PHILADELPHIA - How much do some people want a gasoline-electric hybrid car? Enough to pay thousands of dollars more than the manufacturer's suggested price.
On Internet auction site eBay Inc., sellers are advertising Toyota Motor Corp.'s 2004 model year Prius at thousands of dollars above the list price.
Prius, which according to government tests gets up to 60 miles from a single gallon of gasoline, is a popular hybrid that the industry sees as a bellwether for that segment of the market.
In some cases, used models are selling on eBay for more than those that have never been out of the showroom.
In early September, a new Prius with the second-highest package of options had attracted a starting bid of $27,465, more than $5,000 above the list price.
Another Prius, slightly used with 1,250 miles on the clock, was bid at $28,500.
"Demand has been overwhelming," said Kevin Kolozsy, a salesman at Joe Heitz Toyota in Clarksville, Tennessee.
The dealership gets about 10 calls a week from buyers looking for a Prius, but it has only been getting new vehicles from the manufacturer at a rate of about one a month.
Record-high U.S. fuel prices have prompted consumers to turn their attention to the growing array of vehicles designed to run on gasoline and electricity.
Hybrids use batteries to power themselves at slower speeds. The batteries charge automatically from the electric motor and by capturing energy that is usually lost while braking.
Tiny, but growing, market share
Last year, U.S. sales of gas-electric hybrids reached only 43,435, or 0.26 percent of the 16.7 million cars and trucks sold there.
But J.D. Power & Associates expects U.S. hybrid sales to reach 87,000 this year and more than double to 183,000 next year. They should increase to 412,000, or about 2.5 percent of the market, by 2008 and account for 5 percent to 10 percent of U.S. vehicle sales by 2015, the Troy, Michigan-based consulting firm said.
Already demand is exceeding supply. Toyota reports a waiting list of about six months for the Prius.
Demand for these gas-sipping vehicles has been so high that Toyota isn't even using a Long Beach, California, warehouse where it planned to park any unsold Priuses, according to Brendan Bell, a Sierra Club researcher who studies global warming.
Besides Prius, U.S. consumers can now choose from only three other hybrid models -- Honda Motor Co.'sCivic and Insight, which in 1999 became the first gas-electric car to be sold in the United States, and Ford Motor Co.'s Escape sport utility vehicle, which began production last month.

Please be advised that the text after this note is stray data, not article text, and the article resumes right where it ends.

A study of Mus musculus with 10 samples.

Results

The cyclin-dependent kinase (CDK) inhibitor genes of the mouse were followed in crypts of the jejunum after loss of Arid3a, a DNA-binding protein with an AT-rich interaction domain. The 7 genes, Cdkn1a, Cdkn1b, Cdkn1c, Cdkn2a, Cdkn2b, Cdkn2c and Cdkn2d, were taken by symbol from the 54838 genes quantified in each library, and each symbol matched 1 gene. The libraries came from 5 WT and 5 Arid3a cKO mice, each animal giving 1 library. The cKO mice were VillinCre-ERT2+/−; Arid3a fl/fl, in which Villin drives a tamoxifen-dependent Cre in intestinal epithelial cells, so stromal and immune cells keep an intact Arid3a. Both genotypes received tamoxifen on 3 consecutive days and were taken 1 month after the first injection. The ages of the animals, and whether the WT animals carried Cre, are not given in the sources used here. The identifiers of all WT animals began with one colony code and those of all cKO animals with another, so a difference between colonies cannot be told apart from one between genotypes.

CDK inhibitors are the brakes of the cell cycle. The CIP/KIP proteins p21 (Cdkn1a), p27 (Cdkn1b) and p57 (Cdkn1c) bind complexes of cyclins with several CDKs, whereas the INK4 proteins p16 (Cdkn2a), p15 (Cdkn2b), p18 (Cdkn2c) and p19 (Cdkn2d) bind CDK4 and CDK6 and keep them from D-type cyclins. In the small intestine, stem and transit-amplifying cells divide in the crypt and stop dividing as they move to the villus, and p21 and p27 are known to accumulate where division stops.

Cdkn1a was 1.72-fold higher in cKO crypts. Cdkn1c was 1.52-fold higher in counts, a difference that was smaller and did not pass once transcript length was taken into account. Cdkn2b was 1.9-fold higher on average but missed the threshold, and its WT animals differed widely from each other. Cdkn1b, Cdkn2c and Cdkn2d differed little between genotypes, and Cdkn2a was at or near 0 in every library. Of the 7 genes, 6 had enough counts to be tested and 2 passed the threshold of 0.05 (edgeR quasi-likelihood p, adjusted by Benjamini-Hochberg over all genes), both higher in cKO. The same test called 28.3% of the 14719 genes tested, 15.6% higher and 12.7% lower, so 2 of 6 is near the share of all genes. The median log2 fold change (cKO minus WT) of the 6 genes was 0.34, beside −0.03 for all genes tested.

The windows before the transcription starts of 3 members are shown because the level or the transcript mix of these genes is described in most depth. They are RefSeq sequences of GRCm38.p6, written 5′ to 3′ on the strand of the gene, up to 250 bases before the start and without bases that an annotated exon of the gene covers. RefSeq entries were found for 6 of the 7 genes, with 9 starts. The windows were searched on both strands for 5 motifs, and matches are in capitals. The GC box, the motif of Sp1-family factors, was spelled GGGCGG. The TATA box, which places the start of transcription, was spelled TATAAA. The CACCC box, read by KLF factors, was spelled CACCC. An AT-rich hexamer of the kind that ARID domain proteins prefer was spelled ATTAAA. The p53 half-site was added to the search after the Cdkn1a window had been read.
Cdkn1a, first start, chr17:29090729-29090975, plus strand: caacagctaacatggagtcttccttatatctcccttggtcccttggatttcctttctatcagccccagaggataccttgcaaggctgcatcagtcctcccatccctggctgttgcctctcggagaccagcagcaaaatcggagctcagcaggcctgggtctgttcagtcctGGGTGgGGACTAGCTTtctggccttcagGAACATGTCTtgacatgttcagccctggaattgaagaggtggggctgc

Ford is already looking to increase production capacity, given the high interest.
Demand for the Escape "is going to be similar to the Prius," said David Friedman, a researcher who studies alternative transport at the Union of Concerned Scientists. "People are not going to be able to get enough of it."
Consumers will soon be able to choose from more models, including hybrid versions of Toyota's Highlander and Lexus RX SUVs and of General Motors Corp's Chevy Silverado and GMC Sierra pickup trucks.
But Jim Hossack, senior consultant with AutoPacific Inc. of Tustin, California, calls the current interest in hybrids a fad. The price of hybrids -- averaging $3,000 more than conventional vehicles -- will prevent widespread acceptance, he said.
As a result, he added, sales are unlikely to exceed 10 percent of the overall U.S. light vehicle market in the long run.
Hossack also said Toyota is subsidizing the Prius as a public-relations exercise to create goodwill for the brand from consumers, businesses and governments.
The potential of the hybrid market will also depend on whether federal and state governments are willing to impose stricter fuel economy and emissions standards and to provide bigger tax breaks, another financial incentive for consumers to buy the cars.
The current federal tax deduction of $1,500 for hybrid buyers is worth only $300 for a taxpayer in the 20 percent bracket and nowhere near offsets the extra cost of buying a hybrid vehicle, said Bell, the Sierra Club researcher.
Moreover, the deduction is set to be eliminated in three years, he said.
For now, though, demand for the market-leading Prius continues to create a market where used models can sell for more than the new list price.
"It's very unusual," Kolozsy, the Tennessee salesman, said. "I've never seen anything like it in the industry."